Esther Lederer, much better known as Ann Landers, died in Chicago last week. But make no mistake about it: Her spirit lives on.
Make no mistake about this, either: The spirit of Ann Landers is in large measure what is so wrong with our society. If that seems to you like a harsh thing to say right after a woman's death, I am sorry. But read on. It's deadly merely to dismiss Ann Landers-and her ilk-as a harmless diversion to be smiled over with your morning coffee. In all the sentiment expressed on the occasion of this woman's death, it's important not to add new error to old.
Error is always more dangerous when it comes from a casual and unsuspecting source than when it shows up hand-delivered by the Devil himself, sulphurous sparks flying and forked tail wagging. And who could be more innocuous than a woman from Sioux City, Iowa, full of midwestern common sense? Nor did she ever betray her roots by heading off to New York, where she might have been infected by the eastern establishment; or to California, where left-coast radicalism might contaminate her counsel. Instead, she went all the way to Chicago, where-admittedly-she started with the slightly suspect Sun-Times, but ultimately settled down with the altogether safe Chicago Tribune. Now here was a woman whose counsel we all could trust.
Trust her we-or at least, too many-did. Through the years, Americans flocked to this guru for advice on every topic under the sun. At one point, she needed 13 secretaries to handle the 2,000 letters she received every day. She taught us about sexuality and marriage, about conduct at the office and while traveling abroad, about religion and ethics, about etiquette and children, about in-laws and pets-and a million other topics. After all, before she died at the age of 83, Ann Landers wrote or signed off on more than 15,000 different columns-with each one typically touching on two or three different subjects.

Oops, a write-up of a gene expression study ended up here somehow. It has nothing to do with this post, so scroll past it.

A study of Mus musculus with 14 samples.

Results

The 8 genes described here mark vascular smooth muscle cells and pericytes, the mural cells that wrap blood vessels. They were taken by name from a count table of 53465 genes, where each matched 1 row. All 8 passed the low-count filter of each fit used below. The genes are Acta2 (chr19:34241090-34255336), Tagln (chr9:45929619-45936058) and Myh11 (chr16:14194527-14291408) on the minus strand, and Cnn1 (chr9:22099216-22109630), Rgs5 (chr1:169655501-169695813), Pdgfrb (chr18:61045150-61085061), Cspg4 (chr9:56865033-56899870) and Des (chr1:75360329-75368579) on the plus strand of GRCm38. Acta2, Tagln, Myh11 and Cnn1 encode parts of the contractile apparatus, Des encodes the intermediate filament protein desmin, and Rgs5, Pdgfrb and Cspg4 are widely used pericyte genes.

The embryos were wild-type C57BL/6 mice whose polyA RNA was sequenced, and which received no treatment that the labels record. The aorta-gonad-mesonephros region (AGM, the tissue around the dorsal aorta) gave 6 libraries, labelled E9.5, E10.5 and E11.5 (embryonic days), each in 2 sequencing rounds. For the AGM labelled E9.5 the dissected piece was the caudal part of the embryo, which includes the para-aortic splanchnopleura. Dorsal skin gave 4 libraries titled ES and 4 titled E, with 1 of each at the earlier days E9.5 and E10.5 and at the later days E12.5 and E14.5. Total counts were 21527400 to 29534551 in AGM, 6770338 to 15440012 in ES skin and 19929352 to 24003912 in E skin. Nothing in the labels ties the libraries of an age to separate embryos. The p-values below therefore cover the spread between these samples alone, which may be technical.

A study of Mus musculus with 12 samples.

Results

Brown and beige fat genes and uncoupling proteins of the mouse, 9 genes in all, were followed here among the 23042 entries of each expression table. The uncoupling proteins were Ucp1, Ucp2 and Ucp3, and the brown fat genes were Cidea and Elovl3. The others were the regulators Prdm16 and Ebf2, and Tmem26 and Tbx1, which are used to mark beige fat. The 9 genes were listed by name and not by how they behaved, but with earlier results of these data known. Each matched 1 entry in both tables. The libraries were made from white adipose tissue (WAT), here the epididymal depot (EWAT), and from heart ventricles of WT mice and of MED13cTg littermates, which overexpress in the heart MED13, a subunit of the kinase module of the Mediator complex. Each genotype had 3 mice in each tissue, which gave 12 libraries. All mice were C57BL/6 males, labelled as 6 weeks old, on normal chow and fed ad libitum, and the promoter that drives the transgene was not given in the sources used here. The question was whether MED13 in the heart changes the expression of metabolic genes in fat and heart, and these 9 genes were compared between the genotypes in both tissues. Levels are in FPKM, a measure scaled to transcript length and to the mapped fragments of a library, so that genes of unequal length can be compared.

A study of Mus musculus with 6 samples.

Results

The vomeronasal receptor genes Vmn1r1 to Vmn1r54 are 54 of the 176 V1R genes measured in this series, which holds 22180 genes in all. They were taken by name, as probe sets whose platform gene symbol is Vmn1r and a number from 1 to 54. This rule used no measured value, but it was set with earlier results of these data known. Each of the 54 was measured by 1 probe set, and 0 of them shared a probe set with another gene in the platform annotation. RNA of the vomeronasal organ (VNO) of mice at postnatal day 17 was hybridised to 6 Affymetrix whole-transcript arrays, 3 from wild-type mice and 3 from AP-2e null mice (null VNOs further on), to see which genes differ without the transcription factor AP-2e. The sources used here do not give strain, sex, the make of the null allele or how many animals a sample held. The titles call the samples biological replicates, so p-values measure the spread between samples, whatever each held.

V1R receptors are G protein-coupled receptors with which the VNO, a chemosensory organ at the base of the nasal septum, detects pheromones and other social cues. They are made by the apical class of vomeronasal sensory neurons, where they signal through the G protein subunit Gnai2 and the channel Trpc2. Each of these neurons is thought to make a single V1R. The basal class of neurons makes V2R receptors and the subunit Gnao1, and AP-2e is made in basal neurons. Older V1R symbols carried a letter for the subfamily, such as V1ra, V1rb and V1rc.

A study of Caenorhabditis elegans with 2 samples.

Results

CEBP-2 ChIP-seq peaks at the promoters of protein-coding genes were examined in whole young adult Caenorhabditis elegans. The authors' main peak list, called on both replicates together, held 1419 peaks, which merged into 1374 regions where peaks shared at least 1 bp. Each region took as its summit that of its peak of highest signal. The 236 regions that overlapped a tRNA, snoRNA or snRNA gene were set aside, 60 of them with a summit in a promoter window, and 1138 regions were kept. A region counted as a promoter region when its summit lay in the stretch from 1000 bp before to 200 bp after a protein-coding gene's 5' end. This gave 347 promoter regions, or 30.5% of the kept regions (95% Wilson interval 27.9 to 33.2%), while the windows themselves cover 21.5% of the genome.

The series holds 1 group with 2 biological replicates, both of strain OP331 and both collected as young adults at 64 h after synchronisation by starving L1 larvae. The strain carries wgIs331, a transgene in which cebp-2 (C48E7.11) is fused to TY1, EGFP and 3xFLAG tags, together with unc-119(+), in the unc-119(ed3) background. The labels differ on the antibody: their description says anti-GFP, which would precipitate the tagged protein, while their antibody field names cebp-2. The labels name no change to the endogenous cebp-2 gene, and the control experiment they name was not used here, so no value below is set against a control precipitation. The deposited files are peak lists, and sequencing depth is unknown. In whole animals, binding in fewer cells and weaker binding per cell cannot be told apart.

As recently as the early 1990s, the Ann Landers column appeared in more than 1,200 newspapers across the country-with a staggering readership of something like 90 million people every day. Compare that, for example, with Cal Thomas, the leader among syndicated op-ed columnists with about 540 newspapers, or with Billy Graham, whose ghost-written advice column was once carried by as many as 500 newspapers, but now is somewhat reduced from that.
If what you say every day to that many people is trivial, maybe it doesn't matter all that much-except that even then, all those people are taught to think trivially. But if what you say focuses regularly on the most important issues of life, and if you say it over and over again for 40 years to perhaps the biggest audience humankind has ever handed to a single writer, no one should pretend that it doesn't have an effect.
So here's the problem with Ann Landers over that long stretch of time: She made it all up as she went along-including, of course, her own name.
Ann Landers never had the foggiest idea what her anchor was. She was the archetype of modern relativism, tailored for the masses. They followed her loyally, and listened to her attentively, because she always ultimately let them off the hook. She had the uncanny ability to sound old-fashionedly firm, but never bothered to identify what her absolutes were or where they came from.
Even Robert Pinsky, U.S. poet laureate a few years ago, took note of Ms. Landers's ethical ambiguities. He wrote candidly, lauding "Her virtue of taking it all on, answering/Any question" and "saying,/Buster (or Dearie) stop complaining and do/What you want."
To be sure, Ann Landers often seemed to be on the side of virtue. For years, she was a cheerleader for premarital chastity and opposed the acceptance of open demonstrations of homosexual relationships. But then she changed her mind on those and other issues. Some followers and critics say her own divorce in 1975 made her a lot less certain of issues she had been sure about earlier in her career.
Like a stopped clock that is right twice every day, Ms. Landers dispensed just enough good advice to be dangerous to many. A witty and often compassionate relativist, she was a picture of the society she worked hard to serve-and the society that, regrettably, she also helped misshape in some terribly damaging ways.